Benner developed one of the best-known competency definitions in 1982 with her novice-to-expert model, which applied the Dreyfus Model of Skill Acquisition to nursing. It has been widely used as a tool to determine expertise.4,5 Her model describes the five levels of expertise as:
Explore This IssueACEP Now: Vol 34 – No 02 – February 2015
- Novice: A beginner with little to no experience. Novices face the inability to use discretionary judgment and require significant supervision.
- Advanced beginner: Able to demonstrate marginally acceptable performance based on some real-life experience.
- Competent: Has usually been on the job for two to three years. At this level, the clinician has a sense of mastery and the ability to cope with and manage many aspects of patient care.
- Proficient: Able to grasp clinical solutions quicker and able to home in on accurate regions of the problem faster.
- Expert: No longer relies on analytics to connect to understanding of the problem but has an intuitive grasp and is able to zero in on the all aspects of the problem at hand without any wasteful or unfruitful possibilities.5
Benner maintains that knowledge accrues over time in clinical practice and is developed through dialogue in relationship and situational contexts.6 It should be noted that clinical experience is not the mere passage of time or longevity within a clinical experience but rather the actual level of clinical interaction. The clinician, therefore, may move forward or backward in the model, depending on the situation.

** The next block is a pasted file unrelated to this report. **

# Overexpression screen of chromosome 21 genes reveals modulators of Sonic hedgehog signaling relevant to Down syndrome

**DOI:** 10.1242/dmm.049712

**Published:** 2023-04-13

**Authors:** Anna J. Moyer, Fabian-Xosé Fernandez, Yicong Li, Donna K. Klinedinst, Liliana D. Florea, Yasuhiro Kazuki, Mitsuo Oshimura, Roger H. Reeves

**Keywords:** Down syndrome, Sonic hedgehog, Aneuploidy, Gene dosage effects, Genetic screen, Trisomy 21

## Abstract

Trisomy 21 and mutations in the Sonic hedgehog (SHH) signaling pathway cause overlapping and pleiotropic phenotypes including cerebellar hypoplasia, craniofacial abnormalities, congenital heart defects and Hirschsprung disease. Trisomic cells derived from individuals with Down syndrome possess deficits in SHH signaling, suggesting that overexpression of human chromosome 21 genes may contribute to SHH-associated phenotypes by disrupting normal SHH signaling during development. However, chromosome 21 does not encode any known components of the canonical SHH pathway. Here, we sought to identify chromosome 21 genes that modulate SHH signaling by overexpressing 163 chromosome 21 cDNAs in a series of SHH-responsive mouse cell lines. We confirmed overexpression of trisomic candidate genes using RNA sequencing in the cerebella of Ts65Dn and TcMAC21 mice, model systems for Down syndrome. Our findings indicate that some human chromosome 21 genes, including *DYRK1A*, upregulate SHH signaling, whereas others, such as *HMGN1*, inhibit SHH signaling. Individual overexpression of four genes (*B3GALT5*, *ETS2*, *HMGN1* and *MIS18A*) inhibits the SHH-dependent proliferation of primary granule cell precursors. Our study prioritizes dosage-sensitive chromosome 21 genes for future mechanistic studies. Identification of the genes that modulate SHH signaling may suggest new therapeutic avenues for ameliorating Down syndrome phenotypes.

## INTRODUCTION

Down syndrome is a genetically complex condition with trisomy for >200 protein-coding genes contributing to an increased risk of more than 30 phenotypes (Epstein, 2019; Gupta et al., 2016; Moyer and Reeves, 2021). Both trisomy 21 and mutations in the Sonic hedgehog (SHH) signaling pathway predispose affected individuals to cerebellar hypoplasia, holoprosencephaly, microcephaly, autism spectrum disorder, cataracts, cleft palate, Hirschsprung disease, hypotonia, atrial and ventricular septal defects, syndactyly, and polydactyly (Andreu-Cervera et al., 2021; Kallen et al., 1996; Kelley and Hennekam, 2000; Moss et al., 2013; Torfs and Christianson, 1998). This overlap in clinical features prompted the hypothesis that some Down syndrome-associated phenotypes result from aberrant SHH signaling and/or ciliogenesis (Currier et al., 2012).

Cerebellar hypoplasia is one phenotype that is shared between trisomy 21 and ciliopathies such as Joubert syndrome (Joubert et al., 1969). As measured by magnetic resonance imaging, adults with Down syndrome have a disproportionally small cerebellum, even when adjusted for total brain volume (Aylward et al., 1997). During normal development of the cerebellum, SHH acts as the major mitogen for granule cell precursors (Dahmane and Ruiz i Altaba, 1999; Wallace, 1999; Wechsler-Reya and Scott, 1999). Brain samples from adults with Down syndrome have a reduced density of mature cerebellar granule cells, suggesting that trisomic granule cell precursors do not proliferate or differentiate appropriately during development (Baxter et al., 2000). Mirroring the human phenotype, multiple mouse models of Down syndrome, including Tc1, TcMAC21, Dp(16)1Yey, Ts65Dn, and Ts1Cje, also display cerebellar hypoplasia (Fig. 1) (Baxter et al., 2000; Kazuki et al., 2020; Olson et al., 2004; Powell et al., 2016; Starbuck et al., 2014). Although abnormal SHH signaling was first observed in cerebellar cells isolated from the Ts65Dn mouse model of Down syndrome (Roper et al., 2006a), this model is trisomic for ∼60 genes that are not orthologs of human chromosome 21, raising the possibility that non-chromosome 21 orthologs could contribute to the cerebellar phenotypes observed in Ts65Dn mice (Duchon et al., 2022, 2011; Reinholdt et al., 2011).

In the Benner model, the novices and advanced beginners would be prematriculants and students. You can see variations of this learning curve in different situations, whether it is a new clinician in the ED or an experienced clinician moving to a new practice.
Returning to the comment that prompted this article: when is an APP fully competent to see patients? There has been some good research in the last decade that demonstrates APPs have excellent patient care outcomes, even when taking into account the particular clinician level (novice through expert). The reality is that competence is acquired gradually, and even when APPs are far from fully competent, they can still see patients as long as the supervision is commensurate with the need.
A seasoned APP with emergency medicine experience will be more likely to hit the ground running, may work at a more rapid pace than a new graduate, and may be able to handle a higher volume of patients.
This is a challenging topic because what we do requires factual knowledge and the consistent, appropriate application of that knowledge. We know how to measure factual knowledge, more or less, but assuredly we don’t know how to measure the latter (possibly the most important part). In my opinion, we need a pragmatic approach to determine whether a clinician is competent and continues to be so.